Editor Phil Bronstein defended the decision to place an ad on Page One, saying it would not affect news coverage and is just part of the expanding effort to draw revenue.
"These are the times we live in," he said. "We had discussions about it. It is a hard case to make that you shouldn?t do this as a concept when you are in as much of a financial hole as we are. My feeling is that if it doesn't change what you do, you ought to be judged on the kind of journalism you do."
The editor said the paper had received "a couple of calls" today about the change, but nothing significant so far. He had no specifics on what the callers had said.
Bronstein cited other newspapers, including The Wall Street Journal, that have made similar decisions. "No one's complaining at the Journal for all of the time they have had front page ads." he said. "It's not like [Page One advertiser] PG&E is sitting in on news meetings."
When asked about the historic tradition of keeping front pages only for news, Bronstein said tradition is not always the best reason to continue something. "Sacred cows are sometimes very valid to hold sacred," he said. "And sometimes you have to question why they are sacred."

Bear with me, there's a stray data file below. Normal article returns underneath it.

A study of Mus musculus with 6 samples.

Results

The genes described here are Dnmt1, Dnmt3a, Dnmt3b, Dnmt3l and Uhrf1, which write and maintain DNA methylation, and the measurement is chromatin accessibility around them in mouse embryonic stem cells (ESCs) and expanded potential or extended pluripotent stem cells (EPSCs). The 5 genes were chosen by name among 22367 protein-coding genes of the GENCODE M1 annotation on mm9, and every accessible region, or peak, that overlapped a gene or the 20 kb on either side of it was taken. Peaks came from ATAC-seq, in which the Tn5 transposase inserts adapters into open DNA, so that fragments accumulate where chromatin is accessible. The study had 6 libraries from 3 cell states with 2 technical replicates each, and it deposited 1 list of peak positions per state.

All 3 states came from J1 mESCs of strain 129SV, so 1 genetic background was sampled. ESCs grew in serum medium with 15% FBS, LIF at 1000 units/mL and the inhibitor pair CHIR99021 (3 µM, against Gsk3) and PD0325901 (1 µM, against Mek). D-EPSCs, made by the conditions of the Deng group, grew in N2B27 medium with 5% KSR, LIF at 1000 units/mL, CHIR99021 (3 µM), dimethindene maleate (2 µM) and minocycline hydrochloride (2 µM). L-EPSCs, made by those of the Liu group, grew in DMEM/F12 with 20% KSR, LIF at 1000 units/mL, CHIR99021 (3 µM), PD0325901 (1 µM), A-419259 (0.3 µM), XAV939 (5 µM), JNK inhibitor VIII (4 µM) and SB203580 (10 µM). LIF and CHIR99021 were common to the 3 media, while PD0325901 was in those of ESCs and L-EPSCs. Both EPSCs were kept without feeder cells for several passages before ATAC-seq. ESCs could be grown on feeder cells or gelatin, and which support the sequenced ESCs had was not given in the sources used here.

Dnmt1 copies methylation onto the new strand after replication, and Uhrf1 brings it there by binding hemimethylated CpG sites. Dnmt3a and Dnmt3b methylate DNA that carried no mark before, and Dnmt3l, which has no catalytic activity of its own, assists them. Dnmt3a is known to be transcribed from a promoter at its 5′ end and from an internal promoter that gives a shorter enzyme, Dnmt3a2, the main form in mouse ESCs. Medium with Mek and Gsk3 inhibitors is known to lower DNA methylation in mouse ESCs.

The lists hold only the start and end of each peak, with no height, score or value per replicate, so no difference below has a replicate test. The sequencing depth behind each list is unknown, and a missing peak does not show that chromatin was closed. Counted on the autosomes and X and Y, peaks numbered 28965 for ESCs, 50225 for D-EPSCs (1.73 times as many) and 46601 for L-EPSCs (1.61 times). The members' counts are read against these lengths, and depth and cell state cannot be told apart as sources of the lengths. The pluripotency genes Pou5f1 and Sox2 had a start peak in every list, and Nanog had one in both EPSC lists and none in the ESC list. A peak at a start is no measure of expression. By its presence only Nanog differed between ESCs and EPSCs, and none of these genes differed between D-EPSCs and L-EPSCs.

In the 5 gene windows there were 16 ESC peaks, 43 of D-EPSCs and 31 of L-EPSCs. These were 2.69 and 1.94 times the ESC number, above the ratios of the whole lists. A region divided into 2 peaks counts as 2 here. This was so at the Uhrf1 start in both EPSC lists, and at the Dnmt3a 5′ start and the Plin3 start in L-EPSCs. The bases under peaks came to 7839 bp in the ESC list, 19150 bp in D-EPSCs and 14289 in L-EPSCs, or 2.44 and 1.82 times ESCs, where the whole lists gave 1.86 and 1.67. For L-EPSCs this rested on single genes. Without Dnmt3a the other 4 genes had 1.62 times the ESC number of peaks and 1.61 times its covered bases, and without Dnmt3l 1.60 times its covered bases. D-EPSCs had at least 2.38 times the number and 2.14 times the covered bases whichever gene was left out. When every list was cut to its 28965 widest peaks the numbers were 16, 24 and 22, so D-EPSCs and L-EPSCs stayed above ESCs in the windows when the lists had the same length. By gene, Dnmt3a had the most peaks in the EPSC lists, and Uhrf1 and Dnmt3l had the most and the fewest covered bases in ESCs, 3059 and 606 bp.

The Chronicle printed a note from Publisher Frank Vega on page two today. It opens: "Today, The Chronicle begins publishing front page ads. Our advertisers recognize the value of The Chronicle brand, our audience and the priority of delivering key messages to you, our reader. In the recent past, newspapers such as the Wall Street Journal, the New York Times and USA Today have all announced their willingness to accept advertising in prominent positions. The Chronicle is committed to delivering to you important news, information and advertising in a variety of new and engaging ways."
Earlier this year the paper started printing front-page ads in its local news "B" section.
By: E&P Staff Adding to a quickly advancing trend, the San Francisco Chronicle published its first front-page ad today. Unlike many other cases, it is not a narrow strip along the bottom but a chunky box in the lower right corner, six inches across and five inches deep. The advertiser is Pacific Gas & Electric.